The Norwegian government has assigned a €17 million fund for national education institutions in an attempt to help students carry on with their studies during the COVID-19 pandemic.
Announcing the news, the Research and Higher Education Minister, Ola Borten Moe, pointed out that the effects of the pandemic in the education system will be felt regardless of reopening.
“Therefore, the Storting [Parliament] has decided to allocate NOK 170 million [€17 million] to follow up the students academically and socially this year. The goal is that the educational institutions and organizations can quickly initiate or extend extra measures to help students,” the Minister said.
The amount will be evenly distributed among all associations, universities, colleges and vocational schools with a basic amount of €5 million while the rest will be allocated according to the number of students in each institution, jointly, SchengenVisaInfo.com reports.
More specifically, the public universities and colleges will receive €8.2 million, private colleges about €1.1 million and vocational programs about €1.7 million. In addition, the student organizations receive €6 million.
According to Erudera.com, the universities to receive the highest amounts of financial aid are the Norwegian University of Science and Technology (€1.4 million), BI Norwegian Business School (€38,000), Student Organization Sio (€1.5 million), Noroff Fagskole AS (€16,000) and Vocational School Kristiania (€15,000).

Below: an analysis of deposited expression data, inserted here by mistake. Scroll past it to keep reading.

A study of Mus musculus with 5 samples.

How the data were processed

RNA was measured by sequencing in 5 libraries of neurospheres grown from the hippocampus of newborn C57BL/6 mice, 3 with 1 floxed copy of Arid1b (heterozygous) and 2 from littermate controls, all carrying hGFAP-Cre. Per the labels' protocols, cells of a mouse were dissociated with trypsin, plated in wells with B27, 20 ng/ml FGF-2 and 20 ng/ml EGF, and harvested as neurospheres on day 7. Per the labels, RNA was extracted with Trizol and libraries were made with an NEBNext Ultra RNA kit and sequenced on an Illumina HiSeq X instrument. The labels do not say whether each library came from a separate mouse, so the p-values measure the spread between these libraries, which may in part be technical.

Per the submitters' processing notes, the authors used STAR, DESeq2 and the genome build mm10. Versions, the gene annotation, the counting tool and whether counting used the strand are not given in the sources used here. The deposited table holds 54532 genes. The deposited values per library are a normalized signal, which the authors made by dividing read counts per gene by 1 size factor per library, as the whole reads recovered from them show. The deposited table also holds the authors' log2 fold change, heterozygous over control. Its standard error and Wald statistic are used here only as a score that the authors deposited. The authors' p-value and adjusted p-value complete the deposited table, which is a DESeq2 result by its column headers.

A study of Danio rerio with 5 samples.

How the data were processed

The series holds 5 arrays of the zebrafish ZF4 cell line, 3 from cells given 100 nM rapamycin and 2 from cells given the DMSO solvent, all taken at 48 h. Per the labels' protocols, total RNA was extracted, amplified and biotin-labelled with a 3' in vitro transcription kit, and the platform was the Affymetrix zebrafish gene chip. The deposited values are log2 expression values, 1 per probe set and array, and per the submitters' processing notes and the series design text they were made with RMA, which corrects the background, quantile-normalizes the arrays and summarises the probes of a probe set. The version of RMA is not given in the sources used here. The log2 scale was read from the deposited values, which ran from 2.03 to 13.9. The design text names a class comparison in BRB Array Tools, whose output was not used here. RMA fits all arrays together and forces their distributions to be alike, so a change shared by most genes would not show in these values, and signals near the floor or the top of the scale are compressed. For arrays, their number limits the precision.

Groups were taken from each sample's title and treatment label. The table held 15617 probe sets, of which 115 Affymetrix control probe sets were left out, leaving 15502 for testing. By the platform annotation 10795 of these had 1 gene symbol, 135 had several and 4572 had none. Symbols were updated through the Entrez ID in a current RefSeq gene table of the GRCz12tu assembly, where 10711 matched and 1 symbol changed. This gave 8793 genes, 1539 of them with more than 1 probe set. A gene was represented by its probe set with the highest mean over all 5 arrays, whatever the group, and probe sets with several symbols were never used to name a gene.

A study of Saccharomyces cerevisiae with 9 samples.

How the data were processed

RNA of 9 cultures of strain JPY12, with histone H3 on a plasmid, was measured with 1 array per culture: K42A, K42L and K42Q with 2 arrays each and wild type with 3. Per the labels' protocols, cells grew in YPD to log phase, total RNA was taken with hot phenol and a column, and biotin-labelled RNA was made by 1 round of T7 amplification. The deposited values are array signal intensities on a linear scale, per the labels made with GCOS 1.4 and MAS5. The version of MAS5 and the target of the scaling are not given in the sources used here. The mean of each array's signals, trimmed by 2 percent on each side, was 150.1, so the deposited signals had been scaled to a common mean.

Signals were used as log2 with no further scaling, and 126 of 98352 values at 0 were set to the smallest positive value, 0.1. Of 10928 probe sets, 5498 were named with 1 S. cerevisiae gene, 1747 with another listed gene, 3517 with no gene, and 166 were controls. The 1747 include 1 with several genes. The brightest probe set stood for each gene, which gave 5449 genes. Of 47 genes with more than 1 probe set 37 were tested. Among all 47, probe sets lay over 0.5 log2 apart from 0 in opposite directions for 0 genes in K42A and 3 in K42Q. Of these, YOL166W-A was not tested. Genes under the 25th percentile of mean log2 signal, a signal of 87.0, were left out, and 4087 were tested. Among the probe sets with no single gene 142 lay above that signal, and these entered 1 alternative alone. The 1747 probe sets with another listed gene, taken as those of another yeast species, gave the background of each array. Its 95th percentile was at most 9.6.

Additional funds to facilitate the studying process amidst the pandemic have helped students to maintain their progress, despite the lack of interactions. Previously, Erasmus+, which represents the EU’s program to support education, training, youth and sport in the 27-nation-bloc, revealed that more than 640,000 learning experiences had been funded by this program in 2020. In addition, it funded 20,400 projects and 126,00 organisations.
According to data from Statista, the number of students in higher education in Norway has increased gradually in the last decade, accounting for a 26 per cent increase, more specifically from 241,302 to 306,453 – about 65,151 more students. In addition, the number of students jumped by 3.4 per cent in 2020 compared to the previous year when 296,182 students attending universities and colleges were registered in the country.
Moreover, data shows that many students traveled abroad for some time during their studies, with the United Kingdom and Denmark being the most popular destinations for Norwegian students in 2020. However, despite the relatively high numbers of students in Norway, the education rates are dimmed in comparison with the whole population.
In 2019, tertiary education or high school degree was the highest education completed among most Norwegians, and around ten per cent of the population had obtained an extended higher education of five years or more.